The quiet air of the Congo jungle was suddenly broken. A fierce-looking, young man leaped over a log and through the shrubs. He was running breathlessly, cutting his way through marshy lands, hanging vines, low branches, twigs and the thistles. In his left hand, he clutched a white cowboy hat. The hat had been reduced to a dirty, brownish moistened piece of clothing, but its owner was not ready to let it go. In fact, he had just killed a man for this same hat – this same dirty brownish piece of clothing. In his right hand he held on tight to a re-curve folding knife. It was The Commander.
He scuttled through the jungle, trying to keep from falling due to exhaustion. He kept at it. He was fleeing for dear life. There was nothing else on his mind, but to make a getaway. With no destination in mind, he ran aimlessly.
Hard on his trail were two vicious 4-foot-tall men with spears in their hands. They were quite familiar with this jungle so their feet went faster than his and began to gain on him. As he ran through the jungle, his mind raced over what would happen if he were caught. He began to think of those he had left behind, his friends who were in the hands of these brutal pygmies. It was with a jolt, that he remembered the two men he had stabbed. Had he really killed two men?
“Don’t be a fool,” he thought as he sped on.
He took a quick glance at the knife in his hand as if to make sure the bloodstain was really there and to confirm he had really stabbed the men. To his dismay and relief, there was blood smeared along the shaft of the 3-inch blade. He ran, swinging it through the air.
His blows had been precise and he had sliced the right nerves and veins, so their continued existence was out of the question. Come to think of it, taking their lives was worth it. If the men died, then he had done a good deed.
Femi was injured and it was by the arrows of one of these men. So what if he had killed them? It was in self-defence, he encouraged himself. Then his mind returned to the escape.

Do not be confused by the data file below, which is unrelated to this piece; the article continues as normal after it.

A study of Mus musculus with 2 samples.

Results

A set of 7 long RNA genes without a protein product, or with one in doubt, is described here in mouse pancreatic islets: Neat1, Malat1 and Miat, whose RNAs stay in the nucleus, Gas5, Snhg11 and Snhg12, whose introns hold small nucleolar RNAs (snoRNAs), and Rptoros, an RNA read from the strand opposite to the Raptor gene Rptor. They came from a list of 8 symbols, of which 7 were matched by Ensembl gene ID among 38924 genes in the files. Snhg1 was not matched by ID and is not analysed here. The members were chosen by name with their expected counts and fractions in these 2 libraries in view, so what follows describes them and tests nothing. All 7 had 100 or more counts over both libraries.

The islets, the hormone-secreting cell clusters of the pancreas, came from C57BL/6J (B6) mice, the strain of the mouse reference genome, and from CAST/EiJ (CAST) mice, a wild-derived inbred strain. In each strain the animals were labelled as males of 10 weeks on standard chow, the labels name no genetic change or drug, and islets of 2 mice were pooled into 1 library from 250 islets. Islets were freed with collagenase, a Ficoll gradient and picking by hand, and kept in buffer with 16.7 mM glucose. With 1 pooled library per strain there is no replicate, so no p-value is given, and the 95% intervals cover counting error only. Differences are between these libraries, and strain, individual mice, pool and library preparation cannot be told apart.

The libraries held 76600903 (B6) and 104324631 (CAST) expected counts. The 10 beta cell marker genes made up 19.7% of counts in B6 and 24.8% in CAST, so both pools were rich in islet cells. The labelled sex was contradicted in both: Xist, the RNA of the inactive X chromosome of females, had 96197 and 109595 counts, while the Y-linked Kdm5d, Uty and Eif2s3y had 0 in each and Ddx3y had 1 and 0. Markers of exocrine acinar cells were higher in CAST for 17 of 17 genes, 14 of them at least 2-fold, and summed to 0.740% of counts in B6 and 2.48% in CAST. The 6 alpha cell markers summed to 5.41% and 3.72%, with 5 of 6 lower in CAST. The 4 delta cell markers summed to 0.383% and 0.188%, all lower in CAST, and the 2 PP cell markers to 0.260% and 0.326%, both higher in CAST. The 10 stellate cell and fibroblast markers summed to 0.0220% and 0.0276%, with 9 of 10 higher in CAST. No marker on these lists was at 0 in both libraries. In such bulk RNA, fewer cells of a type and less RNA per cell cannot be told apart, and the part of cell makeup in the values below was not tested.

He had to lose these men as soon as possible, then think of what to do. As he thought on these things, his legs gained ground, vigour returned and he began to run faster. He only began to slow down when he listened but heard no footsteps behind him. He came to a sudden halt and turned around sharply. He didn’t know why he decided to stop, but a thought was forming. Perhaps he could fight these two men and take their lives as well.
But when he turned, there was nothing. Apart from the chirping of a few birds, the croaking of distant frogs looking for mates and the crickets making their evening appearance, it was just quiet. He dropped his jaw wider and let in as much air as possible – he needed the jungle air.
He remained alert. He scanned the area with his eyes and his grip on the handle of the knife became firmer. It was too quiet for his liking. He had expected his pursuers to burst through one of the openings. But they didn’t. He waited. Then, his nerves began to relax. He managed to drag himself to the hidden shades of a thicket, before beginning to sob. He went down on one knee, then on all fours, weeping hysterically.
How did it get to this? This was not the plan. It was too wild to be real; yet too real to be a dream. This wasn’t meant to be happening. If this was some kind of a nightmare, now was the right time to wake up. But there was no mistaking it for imagination: The crisp air of the jungle was real, his heartbeat was real, the dryness in his throat was real … everything from the sound to the feel, the blood, the screams, the deaths.
“Scratch that!” he thought to himself, coming to terms with the facts staring him in the face.
He wasn’t sure what to do; keep running, or go back for his captured friends? He sat in a clumsy sprawl and tried to compose his thoughts. His next move would be crucial. But make it, he had to if he wished to see his friends again in this life or in the next.
Yet, he couldn’t help remembering how different everything was, a short time ago. Several weeks ago, he never considered in his wildest imagination that he would be in this muddle, that he would be fleeing through a jungle for killing. Several weeks ago, his life was safe and full of potential. Right now, he was full of doubt and fear.
He had finally stopped crying and was trying to focus, but his mind kept wandering back to the perfect life he had been living, mere weeks before the ill-fated trip. He had been a promising student and long before now, things had been different.
This is an excerpt from “Survival” – the latest release from The Fearless Storyteller House Emporium Ltd, written by John Achile Yusuf. Click HERE to find out more about “Survival”, how to get your own copy of “Survival” and learn more about the author.